I’m a 20 something financial analyst working in Silicon Valley. I started blogging in last year after going through one of the most difficult times in my life. I was laid off from a consulting job at a Big Four firm, my kidneys stopped working, and I nearly lost my health insurance while recovering. Blogging became one of my therapeutic outlets to cope with all of these issues.
I made my decision to go to begin studying for the GMAT and to go to a top business school last spring. My goal: to score above 700 on the GMAT and to get an MBA from one of four schools: Harvard, Wharton, Berkeley’s Haas, or UCLA’s Anderson School. I’m taking the GMAT on Oct. 15th at exactly noon.
Why the MBA and why now?
I now have the time to study for the test. My current job is pretty laid back as I no longer have to bring work home. I basically work nine-to-five and have ample amounts of free time during the day. In May when I began studying for the GMAT I forecast that if I spend 30 minutes a day for two months, I should be prepared to take the test, which by far demands the largest time commitment of applying to business schools. The remainder of the application process could probably be squeezed into a weekend.
My goal is to get into the tech industry. Right now the economy still sucks. The top business schools around the country are achieving job placement rates of around 60%. (I don’t even know how crummy the rates are for lower-tier schools). But with the top schools in mind, you’re essentially paying $50,000 for two years to get a generalist degree that doesn’t provide a practical skill set. Not only that, but you’re giving up income that on average is around $70,000 a year for most business school attendees. When you add it all up, and consider that you’re paying $240,000 total just to get a degree, the thought of not landing a job afterwards makes your stomach turn. Looking at the job placement rates today, about 40% of business school grads have stomach flu.
So why am I going to get my MBA?
After getting laid off from work, I made the decision to put my career on hold and focus on improving my healthBut as I’ve sat around in my decent-but-not-so-great job, putting in my regular nine-to-five days (not a single hour more), and not caring about my career path or standing within my company, I had a very profound revelation:
Putting your dreams on hold can drive you insane.
I will never be satisfied with my career until I have the respect and standing of an MBA grad.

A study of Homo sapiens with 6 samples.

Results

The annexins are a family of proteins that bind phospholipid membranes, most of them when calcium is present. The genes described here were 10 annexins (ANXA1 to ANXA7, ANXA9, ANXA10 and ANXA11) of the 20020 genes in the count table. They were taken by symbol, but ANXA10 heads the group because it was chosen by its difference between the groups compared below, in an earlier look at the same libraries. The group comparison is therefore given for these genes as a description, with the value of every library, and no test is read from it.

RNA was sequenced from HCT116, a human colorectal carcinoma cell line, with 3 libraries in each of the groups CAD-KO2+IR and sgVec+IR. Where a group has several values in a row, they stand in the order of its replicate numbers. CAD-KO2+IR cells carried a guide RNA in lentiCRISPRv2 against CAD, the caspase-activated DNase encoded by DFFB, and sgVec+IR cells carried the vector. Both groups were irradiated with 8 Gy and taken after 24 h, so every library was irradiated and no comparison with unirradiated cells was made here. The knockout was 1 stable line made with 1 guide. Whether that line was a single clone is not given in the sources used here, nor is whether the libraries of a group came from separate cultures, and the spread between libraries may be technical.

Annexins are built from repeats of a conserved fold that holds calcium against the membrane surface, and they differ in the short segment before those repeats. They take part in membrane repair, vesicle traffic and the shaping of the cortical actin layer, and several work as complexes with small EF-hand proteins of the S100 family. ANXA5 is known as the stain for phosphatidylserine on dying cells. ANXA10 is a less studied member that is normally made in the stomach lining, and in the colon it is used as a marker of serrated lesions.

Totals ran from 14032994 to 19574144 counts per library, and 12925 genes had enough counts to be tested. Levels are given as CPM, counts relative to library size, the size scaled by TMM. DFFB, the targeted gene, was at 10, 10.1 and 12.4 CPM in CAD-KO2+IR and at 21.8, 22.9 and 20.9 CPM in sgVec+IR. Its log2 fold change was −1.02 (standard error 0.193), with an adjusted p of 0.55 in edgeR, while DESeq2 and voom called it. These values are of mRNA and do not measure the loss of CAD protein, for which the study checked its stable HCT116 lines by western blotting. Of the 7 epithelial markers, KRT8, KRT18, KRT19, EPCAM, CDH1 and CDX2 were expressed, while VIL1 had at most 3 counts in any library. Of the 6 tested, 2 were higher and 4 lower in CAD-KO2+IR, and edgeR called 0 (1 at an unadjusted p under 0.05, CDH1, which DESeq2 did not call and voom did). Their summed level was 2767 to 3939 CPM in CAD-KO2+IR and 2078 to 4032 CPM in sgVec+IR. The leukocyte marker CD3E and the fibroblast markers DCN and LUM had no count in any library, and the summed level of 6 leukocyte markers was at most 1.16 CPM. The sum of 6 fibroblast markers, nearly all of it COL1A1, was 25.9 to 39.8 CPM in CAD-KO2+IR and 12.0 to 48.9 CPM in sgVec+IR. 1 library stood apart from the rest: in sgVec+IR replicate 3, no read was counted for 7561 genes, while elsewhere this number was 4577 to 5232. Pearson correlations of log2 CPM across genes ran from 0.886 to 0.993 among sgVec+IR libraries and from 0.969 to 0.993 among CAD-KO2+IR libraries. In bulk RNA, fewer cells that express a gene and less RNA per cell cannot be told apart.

With that, I said goodbye to this summer and said hello to the GMAT. After a steady month of work prepping for the test, I felt almost burned out. It’s just so difficult to stay motivated and energized throughout this process. My social life wasn’t that great to begin with, and the GMAT has made it somewhat non-existent. Going into this, I knew there would be a number of sacrifices, including:
3 Months of My Life – Knowing that my GMAT studying, while intense, would end at some point made it much easier for me to commit and make this one of my goals. That said, I needed to give up 3 months of my life. Lately, I’ve barely had time to go see movies and have dinner with friends. It’s tough turning down your friends in exchange for working on math problems about triangles and memorizing grammatical idioms. Even my Xbox has gotten little traction in recent months. Hopefully, I’ll be able to look back at these three months and take solace in the fact that I’ll never have to do this long-term test prep study ever again.
My Career – My focus on work has been slowly deteriorating, as I try to get out by 5 pm every night to allow more time to study. My taking the GMAT and going to business school is essentially a middle finger to my current job and a promise to myself that I will find something better the next time I play career musical chairs. While I honestly don’t dislike my job that much, I know I need one with better career potential.
My Hygiene – Don’t worry, I’m still showering regularly. But my apartment and the inside of my car are definitely a mess. It’s tough to fit in laundry, dishes, and other chores when you have a pile of GMAT books strewn about your floor and hundreds of OG problems still left to complete.
My Health – Before the GMAT, I often attended classes at the high- end gym my company pays for. I was also playing tennis six hours a week. Now both of those activities have diminished significantly on my schedule. I haven’t picked up my tennis racket in more than a month. My weak tennis game is probably powder puff by now.
This Blog – Blogging and business school are probably my two top passions right now. The problem is, whenever I blog, I feel like I’m cheating on my GMAT studies and vice versa. The GMAT obviously takes precedent, so if you notice the quality of my posts going down…
This post is adapted from Random Wok, a blog written by Mako from Silicon Valley. You can read all of his posts at Random Wok.